Multi-touch tabletops allow people to gather around them to visualize and interact with its contents in an intuitive and effective way. Imagine if, while you and your colleages interact with shared information, the tabletop could contain pieces of information (such as emails, pictures) that are only visible to you. Imagine if these personal contents did not occlude or interfere with what the rest of the group could see. Imagine if these personal contents could contain any type of media, even 3D stereo graphics, without the need of 3D glasses or any other devices. This vision has become possible with PiVOT: you can access everything you need to work collaboratively whilst still being able to work independently at the same time and on the same tabletop.
Abhijit Karnik, Diego Martinez Plasencia, Walterio Mayol-Cuevas, and Sriram Subramanian. 2012. PiVOT: personalized view-overlays for tabletops. In Proceedings of the 25th annual ACM symposium on User interface software and technology (UIST ’12). ACM, New York, NY, USA, 271-280. DOI=10.1145/2380116.2380151 http://doi.acm.org/10.1145/2380116.2380151 pdf
- GizMag : 10th October 2012 “PiVOT tabletop display simultaneously delivers two different ‘view zones'”.
- ScienceDaily: 8th October 2012 “Digital Tabletop System With Views On Demand”.
- PiVOT was submitted to UIST 2012 and has been accepted for presentation in Boston in October 2012.
- PiVOT selected for the Innovation Showcase at Venturefest Bristol (7th November 2012).
How It Works
PiVOT aims to address the ability of a device to deliver a.) a common view to a group of people and b.) add multiple personalized views for individuals within the group.
This is a technological challenge which we solve with a novel combination of two well known see-through display systems viz. Lumisty and MUSTARD.
The first one, Lumisty film, acts as a direction-dependent diffuser. This means, when looked at an angle the Lumisty film acts as a diffuser, and thus displays the image we are projecting on it. We use this feature to make the shared viewzone visible to the users seated around the tabletop.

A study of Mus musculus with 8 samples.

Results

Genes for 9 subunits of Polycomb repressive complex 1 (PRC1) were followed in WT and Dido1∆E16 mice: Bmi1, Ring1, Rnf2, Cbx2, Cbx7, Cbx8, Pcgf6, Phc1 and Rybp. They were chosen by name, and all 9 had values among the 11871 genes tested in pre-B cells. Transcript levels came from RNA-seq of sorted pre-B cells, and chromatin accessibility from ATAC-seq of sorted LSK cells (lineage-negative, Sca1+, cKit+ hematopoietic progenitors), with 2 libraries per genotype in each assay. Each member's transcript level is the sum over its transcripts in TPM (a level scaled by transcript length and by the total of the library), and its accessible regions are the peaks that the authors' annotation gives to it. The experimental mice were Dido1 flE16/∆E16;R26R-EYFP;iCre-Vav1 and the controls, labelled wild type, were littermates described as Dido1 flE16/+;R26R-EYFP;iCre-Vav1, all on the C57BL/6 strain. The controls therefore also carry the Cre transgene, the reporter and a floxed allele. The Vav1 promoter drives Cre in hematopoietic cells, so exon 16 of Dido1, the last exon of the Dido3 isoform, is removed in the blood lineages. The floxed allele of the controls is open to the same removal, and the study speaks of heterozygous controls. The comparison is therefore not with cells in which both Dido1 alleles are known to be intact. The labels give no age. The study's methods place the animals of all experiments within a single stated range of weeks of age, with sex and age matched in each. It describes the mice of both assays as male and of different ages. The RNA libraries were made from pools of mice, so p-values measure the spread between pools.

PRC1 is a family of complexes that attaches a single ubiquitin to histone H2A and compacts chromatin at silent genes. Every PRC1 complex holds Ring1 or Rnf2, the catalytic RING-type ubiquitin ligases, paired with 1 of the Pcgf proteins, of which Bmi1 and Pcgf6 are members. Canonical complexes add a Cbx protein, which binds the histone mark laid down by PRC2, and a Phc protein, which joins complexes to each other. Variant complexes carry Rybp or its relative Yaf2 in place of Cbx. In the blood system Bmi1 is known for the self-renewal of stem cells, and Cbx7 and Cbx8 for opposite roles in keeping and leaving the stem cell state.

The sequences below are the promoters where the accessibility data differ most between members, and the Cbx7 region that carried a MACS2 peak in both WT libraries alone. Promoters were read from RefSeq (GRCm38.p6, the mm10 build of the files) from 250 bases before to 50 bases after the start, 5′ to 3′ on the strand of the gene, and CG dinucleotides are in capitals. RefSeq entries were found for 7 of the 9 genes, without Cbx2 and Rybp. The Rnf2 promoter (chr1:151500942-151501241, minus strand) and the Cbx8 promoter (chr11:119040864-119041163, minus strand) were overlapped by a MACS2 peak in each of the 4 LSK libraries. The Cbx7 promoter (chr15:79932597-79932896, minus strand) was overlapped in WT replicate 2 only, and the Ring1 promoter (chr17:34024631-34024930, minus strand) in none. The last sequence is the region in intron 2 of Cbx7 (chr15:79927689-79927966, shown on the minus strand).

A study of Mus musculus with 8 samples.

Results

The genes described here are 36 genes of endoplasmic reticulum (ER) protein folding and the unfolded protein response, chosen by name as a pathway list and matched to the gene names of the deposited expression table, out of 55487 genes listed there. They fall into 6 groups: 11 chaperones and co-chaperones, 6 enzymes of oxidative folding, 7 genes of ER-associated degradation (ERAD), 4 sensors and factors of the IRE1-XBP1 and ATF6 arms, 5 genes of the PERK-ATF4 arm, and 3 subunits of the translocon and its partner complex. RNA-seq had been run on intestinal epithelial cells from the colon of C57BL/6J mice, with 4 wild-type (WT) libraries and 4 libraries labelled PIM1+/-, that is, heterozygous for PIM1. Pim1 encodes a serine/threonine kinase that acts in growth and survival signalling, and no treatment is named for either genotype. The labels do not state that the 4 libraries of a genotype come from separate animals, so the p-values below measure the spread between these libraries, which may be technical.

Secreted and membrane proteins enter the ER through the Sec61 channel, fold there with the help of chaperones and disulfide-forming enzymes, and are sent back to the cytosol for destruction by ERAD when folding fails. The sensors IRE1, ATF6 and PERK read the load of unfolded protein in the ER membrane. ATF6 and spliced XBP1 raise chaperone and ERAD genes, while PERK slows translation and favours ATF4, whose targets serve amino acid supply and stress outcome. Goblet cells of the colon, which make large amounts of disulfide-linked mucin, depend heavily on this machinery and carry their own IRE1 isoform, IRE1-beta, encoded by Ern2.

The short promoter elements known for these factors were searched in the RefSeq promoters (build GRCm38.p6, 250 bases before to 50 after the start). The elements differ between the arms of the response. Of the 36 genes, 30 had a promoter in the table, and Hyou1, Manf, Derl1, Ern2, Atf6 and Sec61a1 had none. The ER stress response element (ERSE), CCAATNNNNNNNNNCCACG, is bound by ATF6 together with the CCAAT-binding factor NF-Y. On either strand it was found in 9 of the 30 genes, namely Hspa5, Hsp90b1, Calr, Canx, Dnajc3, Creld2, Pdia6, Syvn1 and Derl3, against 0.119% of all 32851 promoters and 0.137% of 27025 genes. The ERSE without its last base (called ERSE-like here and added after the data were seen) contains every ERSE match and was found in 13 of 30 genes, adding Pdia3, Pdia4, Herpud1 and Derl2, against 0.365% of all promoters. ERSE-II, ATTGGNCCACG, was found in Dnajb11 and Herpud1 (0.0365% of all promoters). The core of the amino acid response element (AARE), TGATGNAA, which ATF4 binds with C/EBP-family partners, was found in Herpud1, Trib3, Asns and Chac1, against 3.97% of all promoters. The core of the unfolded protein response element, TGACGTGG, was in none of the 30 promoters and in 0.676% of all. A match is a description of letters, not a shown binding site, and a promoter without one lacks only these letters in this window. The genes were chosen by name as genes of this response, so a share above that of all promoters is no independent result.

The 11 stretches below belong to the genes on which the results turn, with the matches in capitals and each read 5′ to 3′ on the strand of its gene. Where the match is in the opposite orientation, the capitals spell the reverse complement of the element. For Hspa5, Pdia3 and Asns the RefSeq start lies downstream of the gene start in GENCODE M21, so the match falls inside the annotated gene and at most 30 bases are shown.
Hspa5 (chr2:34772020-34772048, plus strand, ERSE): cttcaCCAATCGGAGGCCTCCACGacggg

However, when you look at the Lunisty film from above, it becomes totally transparent, revealing the the second building block of PiVOT. This element is a MUSTARD display. MUSTARD uses a liquid crystal sandwich which allows us to deliver entirely different views to the each user in the personal viewzone (above the tabletop). Given the size of the device and other operational parameters, up to 3 users can view personalized content which can be unique to each view. This is the key differentiator for our system. Another additional advantage of using MUSTARD is that the personalized view can show 2D as well as stereoscopic 3D views without needing glasses. By tracking the user’s position inside the personal viewzone, we can also deliver perspective corrected 3D content irrespective of the user’s position. The personal viewzone also contains an enhanced view which can be utilized as a source of additional information to the viewers or can serve as a way for the users in the personal viewzone to keep track of the activities happening in the shared view. This can enhance collaborative tasks based around a tabletop.
Hasn’t this been done before?
A simple answer is ‘no!’. There are other approaches that generate two views or more views (parallax barriers and lenticular arrays). PiVOT is not just about two views. It is about two view-zones. The shared view-zone as we call has content common to all users. However the personal view-zone is the innovative step from us. This zone can contain up to 3 pairs of stereoscopic views which do not interfere with each other. That’s a total of 7 views with the current hardware. The user is allowed to move in front of the display (other multiview displays contraint the viewer to specific positions and/or head orientations), and these stereoscopic views don’t require you to wear glasses.